One of our brilliant students, Alan Hyunh, posted this article on my wall:
Why do we need academic journals in the first place? by Mathew Ingram.
There has been lot written about the boycott of Elsevier journals in the blogosphere, so I will be responding primarily with links, as my opinions have already been captured by others, with better writing than I can produce.
Let’s look at some of the original content from the NYT:
Last week 34 mathematicians issued a statement denouncing “a system in which commercial publishers make profits based on the free labor of mathematicians and subscription fees from their institutions’ libraries, for a service that has become largely unnecessary.”
The signers included three Fields medalists — Dr. Gowers, Terence Tao and Wendelin Werner. The statement was also signed by Ingrid Daubechies, president of the International Mathematical Union, who then resigned as one of the unpaid editors in chief at the Elsevier journal Applied and Computational Harmonic Analysis.
“We feel that the social compact is broken at present by some publishing houses, of which we feel Elsevier is the most extreme,” Dr. Daubechies said. “We feel they are now making much larger profits at a time when a lot of the load they used to take has been taken over by us.”
There has been a huge shift in the past 30 years in the way that content is delivered. Mathmaticians no longer hand over pages of handwritten text to department secretaries to type and mail. Nor do publishers typeset with blocks anymore. For most mathematicians, you write in LaTex, and what the publisher has to do to get that to publication quality isn’t as time or labor-intensive as it once was.
Anthony Horowitz takes up the question about whether authors need publishers at all over at Gaurdian. He has a point: his publisher for his adult book allowed the book to go out with 35 typos in it.Publishing companies are notoriously unwillingly to do much marketing and promoting for your book. One wonders what, exactly, publishers do in the digital era if they aren’t proofing and marketing much.
Scholarly service and production is largely paid for by universities or external sponsors. Academics control the content, for the most part, voluntarily: most of us never get paid to review, and while editors are often paid, it’s not usually all that much. Elsevier and academic publishers make money off the ever-increasing pressures to publish: we’re clamoring to give them our intellectual property because our departments force us to, if we want tenure and promotion.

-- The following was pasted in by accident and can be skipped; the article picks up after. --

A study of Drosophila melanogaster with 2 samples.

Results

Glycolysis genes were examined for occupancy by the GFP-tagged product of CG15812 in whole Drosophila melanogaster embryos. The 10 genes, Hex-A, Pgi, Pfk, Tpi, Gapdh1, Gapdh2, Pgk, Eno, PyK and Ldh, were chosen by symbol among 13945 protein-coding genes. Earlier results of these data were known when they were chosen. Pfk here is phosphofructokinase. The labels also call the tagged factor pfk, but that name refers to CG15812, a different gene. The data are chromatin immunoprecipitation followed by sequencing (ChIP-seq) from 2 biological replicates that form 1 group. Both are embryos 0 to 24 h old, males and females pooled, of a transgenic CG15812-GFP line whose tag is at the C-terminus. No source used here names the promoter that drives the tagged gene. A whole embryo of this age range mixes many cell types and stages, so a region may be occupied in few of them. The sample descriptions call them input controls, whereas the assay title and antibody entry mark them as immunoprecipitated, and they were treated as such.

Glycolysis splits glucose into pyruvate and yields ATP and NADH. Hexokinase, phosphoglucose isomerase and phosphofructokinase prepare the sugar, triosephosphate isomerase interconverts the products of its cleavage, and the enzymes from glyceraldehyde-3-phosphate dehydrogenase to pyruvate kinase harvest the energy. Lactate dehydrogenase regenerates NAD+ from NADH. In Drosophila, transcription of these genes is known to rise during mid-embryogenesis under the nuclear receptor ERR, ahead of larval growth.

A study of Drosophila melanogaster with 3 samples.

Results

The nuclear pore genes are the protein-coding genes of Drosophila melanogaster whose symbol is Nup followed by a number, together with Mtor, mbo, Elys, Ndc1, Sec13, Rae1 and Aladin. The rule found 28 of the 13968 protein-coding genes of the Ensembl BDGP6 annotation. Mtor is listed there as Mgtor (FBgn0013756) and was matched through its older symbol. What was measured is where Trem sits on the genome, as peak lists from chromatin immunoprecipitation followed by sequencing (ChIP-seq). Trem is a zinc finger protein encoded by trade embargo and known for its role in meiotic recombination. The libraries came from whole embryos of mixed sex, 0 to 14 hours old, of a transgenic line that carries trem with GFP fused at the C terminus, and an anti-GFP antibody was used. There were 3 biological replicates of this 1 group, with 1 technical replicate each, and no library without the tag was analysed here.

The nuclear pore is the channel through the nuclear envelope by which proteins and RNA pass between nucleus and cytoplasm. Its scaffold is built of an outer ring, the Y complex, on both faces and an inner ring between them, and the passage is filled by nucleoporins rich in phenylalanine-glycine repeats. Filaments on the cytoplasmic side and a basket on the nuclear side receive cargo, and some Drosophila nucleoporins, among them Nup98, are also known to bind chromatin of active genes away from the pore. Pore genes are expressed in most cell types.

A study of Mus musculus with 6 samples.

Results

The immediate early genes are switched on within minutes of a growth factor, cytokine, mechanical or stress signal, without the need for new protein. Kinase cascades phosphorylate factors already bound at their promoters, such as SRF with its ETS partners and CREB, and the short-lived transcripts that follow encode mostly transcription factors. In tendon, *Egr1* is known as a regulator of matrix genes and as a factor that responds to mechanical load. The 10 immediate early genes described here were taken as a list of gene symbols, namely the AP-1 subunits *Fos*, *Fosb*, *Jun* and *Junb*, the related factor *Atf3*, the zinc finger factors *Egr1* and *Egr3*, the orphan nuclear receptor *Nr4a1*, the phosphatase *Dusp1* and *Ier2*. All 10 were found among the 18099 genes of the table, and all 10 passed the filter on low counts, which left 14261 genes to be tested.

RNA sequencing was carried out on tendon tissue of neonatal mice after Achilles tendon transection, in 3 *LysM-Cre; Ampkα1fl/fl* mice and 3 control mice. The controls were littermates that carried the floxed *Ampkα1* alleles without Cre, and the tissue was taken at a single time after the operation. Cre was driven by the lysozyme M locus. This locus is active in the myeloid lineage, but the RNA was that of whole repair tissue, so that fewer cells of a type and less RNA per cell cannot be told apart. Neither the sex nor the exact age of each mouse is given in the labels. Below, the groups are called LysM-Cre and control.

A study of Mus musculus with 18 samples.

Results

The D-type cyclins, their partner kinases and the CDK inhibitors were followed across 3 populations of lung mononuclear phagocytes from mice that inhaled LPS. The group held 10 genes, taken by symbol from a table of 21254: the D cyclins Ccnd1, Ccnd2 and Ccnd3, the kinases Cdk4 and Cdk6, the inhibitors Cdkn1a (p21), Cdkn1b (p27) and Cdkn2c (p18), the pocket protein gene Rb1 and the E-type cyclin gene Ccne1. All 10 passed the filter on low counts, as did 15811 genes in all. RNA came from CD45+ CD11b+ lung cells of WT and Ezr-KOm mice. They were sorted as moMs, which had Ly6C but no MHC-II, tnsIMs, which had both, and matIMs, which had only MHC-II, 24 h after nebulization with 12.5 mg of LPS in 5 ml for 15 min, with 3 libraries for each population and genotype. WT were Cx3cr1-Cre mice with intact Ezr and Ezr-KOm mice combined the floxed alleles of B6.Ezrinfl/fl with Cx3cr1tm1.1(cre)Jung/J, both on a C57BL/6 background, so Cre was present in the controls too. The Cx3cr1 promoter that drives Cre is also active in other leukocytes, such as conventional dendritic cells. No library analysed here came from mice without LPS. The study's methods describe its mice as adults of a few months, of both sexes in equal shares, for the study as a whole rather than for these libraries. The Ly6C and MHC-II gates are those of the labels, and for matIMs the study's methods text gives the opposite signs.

Moreover, Elsevier doesn’t really do all that much to promote particular journals. So what value are they adding, at the same time they are charging libraries very high prices for subscriptions?
That high pricing strikes me as the problem more than the idea that we should get rid of academic journals. And there’s a difference between getting rid of an academic journal and getting rid of an academic publisher. Journals still provide people with some services: they attract content according to a particular theme. They do editing and peer review, and we need peer review. In fiction publishing, you need a great story. In research, you need rigor in addition to a good story.
Tim Leunig has a response in the LSE blog (which you should be reading, as it’s excellent), where he responds to Elsevier’s excuse-making with “Hey, set your prices as you see fit, but the rest of us are entitled to note that your prices are too damned high.”
We should also point out that associations are just as guilty of this abuse of monopoly power. Scholars are expected to present their work at conferences, and this is extremely important for young scholars. And yeah: conference registrations are sky-high, and hotels scrape in the money from people who have no choice but to go if they want to remain scholars and/or get promoted. Departments are notoriously stingy with giving travel funds, so a lot travel gets funded out of the young scholar’s pocket, when they can hardly afford it.
My own opinions are captured very well by Don Taylor, also at LSE: The role of peer review journals cannot be replaced by Twitter, blogs, or anything else (and I really believe in blogs!). Absolutely everything Taylor says is right-on. Blogs are a supplement to, not a replacement for, carefully vetted writing of peer review.
That’s one of the reasons why I’ve thought about shutting down this blog. It’s undisciplined writing, as fun as it is, and as much as readers may enjoy it. I see it as an extension of my teaching.
You could, of course, peer review blogs, but that’s where we are heading with online journals anyway, so why do we need a blog format? The journal Science does the best job, I think, of levering web publishing. There are the short, accessible articles. Then there are the dense, for-academics, detailed appendices. But it’s all still as great and as rigorous as the old print version of Science–actually, it’s better. (And I’m old enough to have an informed opinion.)
Take a look at the Journal of Land Use and Transportation. It’s as good as anything that’s out there offered through a traditional academic publisher, better than many print planning journals. This is the future. (My only quibble: they should require people to submit their data the way the American Economic Review does. But this takes server space, I understand.)
Editors matter tremendously in journals, and that is what has made all the difference for JTLU. No, peer review isn’t perfect, and mistakes do get by, and brilliant new ideas do get blunted through consensus, and there’s too waaaaay too much politics. But that won’t change if you move to blogs or whatnot.